Cardiometabolic risk

Should We Be Using Time in Therapeutic Range as a Performance Measure for Hypertension Control?

Michael J. Bloch, MD

Associate Professor, University of Nevada School of Medicine
Medical Director, Renown Vascular Care, Renown Institute for Heart and Vascular Health
President, Blue Spruce Medical Consultants, PLLC

Bloch M. Should we be using time in therapeutic range as a performance measure for hypertension control? Consultant360. Published online May 12, 2021.

Like blood pressure (BP), serum glucose is a highly variable biological metric. Because of this limitation, in patients with diabetes we do not use fasting glucose as the primary measure to determine overall glycemic control. Instead we mainly rely on the level of glycosylated hemoglobin (HbA1c) for clinical decision-making and as a performance measure. Lacking such a biomarker in hypertension, we instead tend to use the most recent BP measurement, which may or may not be representative of a patient’s true overall BP control. If a patient’s most recent BP is higher than a specific threshold, guidelines suggest intensification of therapy largely independent of previous values. Similarly, if the most recent BP is not lower than a specific threshold, we usually consider a patient to have “uncontrolled” hypertension regardless of whether previous values were lower than that same threshold.

In the field of anticoagulation, for patients taking warfarin, rather than rely on the last international normalized ratio, we more frequently use a concept known as time in therapeutic range (TTR) as the performance measure for clinics and providers, and we will often base clinical decisions regarding dose, dietary recommendations, and potential need to change anticoagulants on an individual patient’s TTR.

Using an analogous approach, Fatani and colleagues undertook a retrospective analysis of the landmark Systolic Blood Pressure Intervention Trial (SPRINT) where they identified each patient’s TTR over the first 3 months of the trial.1 They then examined the relationship between TTR and subsequent cardiovascular (CV) events. Overall, the median TTR for systolic BP was 47% in the intensively treated group (goal systolic BP, < 120 mmHg) and 51% for the standard treatment group (goal systolic BP, < 140 mmHg). In COX proportional hazards regression models, each standard deviation increase in TTR was associated with a decreased risk of CV events, independent of mean systolic BP and BP variability.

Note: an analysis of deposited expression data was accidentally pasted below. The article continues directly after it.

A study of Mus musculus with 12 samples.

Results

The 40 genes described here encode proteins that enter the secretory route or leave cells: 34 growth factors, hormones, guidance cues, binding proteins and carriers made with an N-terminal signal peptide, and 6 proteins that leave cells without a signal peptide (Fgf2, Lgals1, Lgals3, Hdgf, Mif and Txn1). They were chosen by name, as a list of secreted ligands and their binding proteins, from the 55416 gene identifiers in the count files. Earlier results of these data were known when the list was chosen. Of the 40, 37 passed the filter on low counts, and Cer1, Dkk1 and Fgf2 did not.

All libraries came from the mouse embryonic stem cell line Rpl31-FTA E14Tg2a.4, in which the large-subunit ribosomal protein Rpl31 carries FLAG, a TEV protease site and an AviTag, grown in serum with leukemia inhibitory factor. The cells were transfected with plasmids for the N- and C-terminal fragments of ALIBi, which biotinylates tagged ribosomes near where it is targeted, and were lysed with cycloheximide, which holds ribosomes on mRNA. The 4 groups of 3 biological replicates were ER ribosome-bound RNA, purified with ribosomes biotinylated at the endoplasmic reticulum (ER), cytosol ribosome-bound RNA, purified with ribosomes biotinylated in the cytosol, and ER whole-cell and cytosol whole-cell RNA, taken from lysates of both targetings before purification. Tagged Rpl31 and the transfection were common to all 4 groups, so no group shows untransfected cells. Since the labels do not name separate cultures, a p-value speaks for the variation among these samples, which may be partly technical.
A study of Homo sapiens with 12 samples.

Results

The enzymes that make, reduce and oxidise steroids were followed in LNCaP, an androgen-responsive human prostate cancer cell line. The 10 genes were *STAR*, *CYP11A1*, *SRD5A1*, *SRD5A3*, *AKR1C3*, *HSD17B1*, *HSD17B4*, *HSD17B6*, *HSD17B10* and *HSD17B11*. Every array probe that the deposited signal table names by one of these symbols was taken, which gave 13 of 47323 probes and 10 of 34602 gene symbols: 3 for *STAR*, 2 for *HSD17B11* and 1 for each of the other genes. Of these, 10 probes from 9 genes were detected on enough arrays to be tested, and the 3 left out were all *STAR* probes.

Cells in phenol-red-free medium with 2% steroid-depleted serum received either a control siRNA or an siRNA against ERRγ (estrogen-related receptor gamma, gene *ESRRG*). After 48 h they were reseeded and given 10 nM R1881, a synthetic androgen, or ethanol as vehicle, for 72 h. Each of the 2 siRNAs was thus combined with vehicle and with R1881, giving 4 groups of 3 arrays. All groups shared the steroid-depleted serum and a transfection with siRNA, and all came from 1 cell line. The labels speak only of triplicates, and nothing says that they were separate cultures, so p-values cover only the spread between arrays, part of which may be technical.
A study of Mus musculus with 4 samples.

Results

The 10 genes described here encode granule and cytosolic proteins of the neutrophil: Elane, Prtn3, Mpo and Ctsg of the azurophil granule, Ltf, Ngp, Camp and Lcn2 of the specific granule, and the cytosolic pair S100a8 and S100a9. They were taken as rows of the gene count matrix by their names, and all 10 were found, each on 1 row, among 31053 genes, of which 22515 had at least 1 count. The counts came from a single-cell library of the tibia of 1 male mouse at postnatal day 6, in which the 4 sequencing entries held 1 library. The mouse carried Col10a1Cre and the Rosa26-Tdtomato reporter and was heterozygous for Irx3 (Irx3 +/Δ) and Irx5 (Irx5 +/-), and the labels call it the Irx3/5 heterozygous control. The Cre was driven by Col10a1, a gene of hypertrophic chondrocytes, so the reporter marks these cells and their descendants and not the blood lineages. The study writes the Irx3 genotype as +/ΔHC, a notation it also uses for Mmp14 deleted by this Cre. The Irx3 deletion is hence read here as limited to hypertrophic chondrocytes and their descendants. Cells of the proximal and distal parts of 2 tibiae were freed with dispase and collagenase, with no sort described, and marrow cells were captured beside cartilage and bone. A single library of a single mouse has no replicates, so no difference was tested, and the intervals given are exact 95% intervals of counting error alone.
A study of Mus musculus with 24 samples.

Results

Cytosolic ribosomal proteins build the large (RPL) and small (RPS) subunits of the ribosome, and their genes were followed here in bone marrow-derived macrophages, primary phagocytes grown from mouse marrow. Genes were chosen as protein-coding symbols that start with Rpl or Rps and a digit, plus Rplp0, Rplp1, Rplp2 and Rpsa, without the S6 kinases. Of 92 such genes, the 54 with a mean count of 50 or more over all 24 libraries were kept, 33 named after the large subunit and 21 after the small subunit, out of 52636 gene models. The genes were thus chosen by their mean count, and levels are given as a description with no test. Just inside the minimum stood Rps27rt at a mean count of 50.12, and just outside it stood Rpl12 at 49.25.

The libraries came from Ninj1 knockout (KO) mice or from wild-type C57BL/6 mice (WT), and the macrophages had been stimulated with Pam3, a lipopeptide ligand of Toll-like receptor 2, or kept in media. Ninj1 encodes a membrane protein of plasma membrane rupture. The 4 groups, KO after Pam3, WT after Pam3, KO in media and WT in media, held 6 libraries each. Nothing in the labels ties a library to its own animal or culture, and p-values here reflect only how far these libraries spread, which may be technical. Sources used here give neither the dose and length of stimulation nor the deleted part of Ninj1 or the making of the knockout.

These and similar data suggest that TTR may be a better marker of CV risk and, as such, a more useful clinical and performance measure than using the most recent BP measurement.2,3 Indeed, targeting a range of BP—say systolic BP of 120 to 129 mmHg—rather than using a hard threshold for intensification, makes intuitive sense and would perhaps defuse some of the controversy surrounding the more-aggressive BP goals recommended in many recent clinical practice guidelines. As Egan and colleagues have illustrated in elegant mathematical modeling of a number of observational studies, if we use the most recent systolic BP measurement as our goal, given the variability of BP, getting 88% of patients lower than the threshold of 130 mmHg would require 25% to 30% of patents to have a systolic BP of 110 to 119 mmHg and approximately 40% of patients at a systolic BP level lower than 110 mmHg.2 Clearly this would mean significant overtreatment in many individuals to get the majority of readings lower than  this somewhat arbitrary threshold.

Further observational studies should be performed that compare TTR with other BP parameters like most recent BP measurement, not just in the office setting but also with home and ambulatory BP monitoring. Eventually, a prospective randomized clinical trial could be performed where patients or providers are randomly assigned to a strategy of using threshold BP or TTR to guide changes in therapy. Certainly, our current concept of goal or threshold BP measurements has been enshrined in clinical practice for decades and has been the framework for most of our major landmark clinical trials. But we should recognize the limitations of this strategy and be open to considering other ways of thinking about BP control in the future.


  1. Fatani N, Dixon DL, Van Tassell BW, Fanikos J, Buckley LF. Systolic blood pressure time in target range and cardiovascular outcomes in patients with hypertension. J Am Coll Cardiol. 2021;77(10):1290-1299.
  2. Egan BM, Kjeldsen SE, Grassi G, Esler M, Mancia G. The global burden of hypertension exceeds 1.4 billion people: Should a systolic blood pressure target below 130 become the universal standard? J Hypertens. 2019;37(6):1148-1153. 
  3. Doumas M, Tsioufis C, Fletcher R, Amdur R, Faselis C, Papademetriou V. Time in therapeutic range, as a determinant of all-cause mortality in patients with hypertension. J Am Heart Assoc. 2017;6:e007131.